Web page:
Does HR contribute to revenue to your business? Does HR contribute to profit? When you ask C-level executives these questions, you might get a few answering ‘yes’, most answering ‘maybe’, and some answering with a straightforward ‘no’.
You see, for several years now, HR has been perceived to generate little or no effect on revenue, let alone profit or growth. Some believe an HR Manager’s role is comprised of trivial, admin tasks. The ugly truth is that some HR Managers do fall into this pattern of day-to-day operational tasks and overlooks opportunities to make a strategic impact, further reinforcing this perception. Unfortunately, in some cases, HR is reduced to be nothing better than a glorified administrative department.
But the role of HR is changing.
Organisations are constantly competing in a race for higher revenue, more profit and faster growth. In their search for success, they are always looking for new ways to help them achieve it. As they recognise the value people bring to the organisation, more and more, they believe HR has the potential to help them achieve these goals.
In addition, most organisations are beginning to outsource transactional HR functions such as payroll, benefits administration and record keeping to get cost efficiencies. Without these tasks, HR’s main role is put in the spotlight, and the value they could deliver to an organisation is being highlighted.
From a recent survey, leading expert on HR competency models, Professor David Ulrich of the University of Michigan sees the business landscape in a 20-20-60 proportion, whereby:
- 20% of the executives surveyed currently use their HR department as an active and innovative business solution partner
- Another 20% believe that HR departments should remain n administrative overhead, only performing transactional work
- The remaining 60% see the potential of HR and are expecting HR to partner with other departments to improve the company’s core competencies and competitive advantages
The new role of HR: Revenue Enhancer
For this 60%, the HR department represents a strategic business component that has potential to deliver real results. These CEOs will demand HR’s participation and contribution to the organisations’ business plan.
In addition to this, individual professional silos are being knocked down. Departments within an organisation are no longer stand-alone entities, and inter-departmental collaboration will be mandated. HR will be required to work with other departments such as finance, sales, marketing, operations and IT to collectively agree on a business plan.
Post this, they will be required to develop their strategic HR initiatives informed by said business plan to achieve the agreed objectives.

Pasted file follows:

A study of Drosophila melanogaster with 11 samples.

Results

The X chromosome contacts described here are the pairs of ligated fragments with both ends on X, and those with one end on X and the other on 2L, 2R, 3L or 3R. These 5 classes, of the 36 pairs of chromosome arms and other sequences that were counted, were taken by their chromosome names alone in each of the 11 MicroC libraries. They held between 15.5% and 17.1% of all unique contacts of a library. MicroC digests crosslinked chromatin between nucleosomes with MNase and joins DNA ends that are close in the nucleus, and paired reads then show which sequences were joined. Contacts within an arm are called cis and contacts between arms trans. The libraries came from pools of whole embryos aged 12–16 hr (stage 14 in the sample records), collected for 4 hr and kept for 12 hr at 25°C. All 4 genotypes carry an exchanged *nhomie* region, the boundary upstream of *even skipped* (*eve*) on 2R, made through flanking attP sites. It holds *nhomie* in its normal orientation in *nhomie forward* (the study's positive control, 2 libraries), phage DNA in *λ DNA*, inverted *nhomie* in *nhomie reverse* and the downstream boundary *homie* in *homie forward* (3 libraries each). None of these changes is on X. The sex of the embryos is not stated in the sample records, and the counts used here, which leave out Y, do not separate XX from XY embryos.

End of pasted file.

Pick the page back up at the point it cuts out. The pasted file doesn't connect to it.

What does this mean for the HR Manager?
With the new role of the revenue enhancer, and HR Manager must now be equipped with the following skills:
1. Strategic thinking
First, HR Managers must understand that they bring value to the organisation beyond administrative tasks. Then they must understand the role of HR in the strategic sense, i.e., determining how HR can contribute to revenue and ultimately growth. Perhaps it is by recruiting the right people, or providing better training, or developing better corporate communication processes.
Overall, the HR Manager needs to shift their focus from trivial admin tasks to strategic level initiatives.
HR, as a function, was never measured on KPIs such as revenue, profit or growth. But for HR Managers to contribute to the new Revenue Enhancer role of HR, every HR initiative must be measured. For instance, a certain recruitment channel should be measured on several metrics including: the quality of candidates it delivered, the performance of the selected candidate, and how the candidate contributed to the business’ revenue.
Essentially, every HR Manager must become an outcome-focused HR practitioner instead of a task-focused administrative assistant.
Previously, and even currently in some organisations, HR is an isolated department. In order to fulfill their responsibility and contribute to revenue, HR will need to collaborate with other departments. In the simplest of examples, HR might need to work with IT to implement a new tool to improve internal communication processes, and they may also need to work with marketers to leverage new channels for recruitment purposes.
As a result, HR Managers not only need to be skilled communicators, they need to be skilled collaborators.
To learn more about the role of HR, download our free White Paper.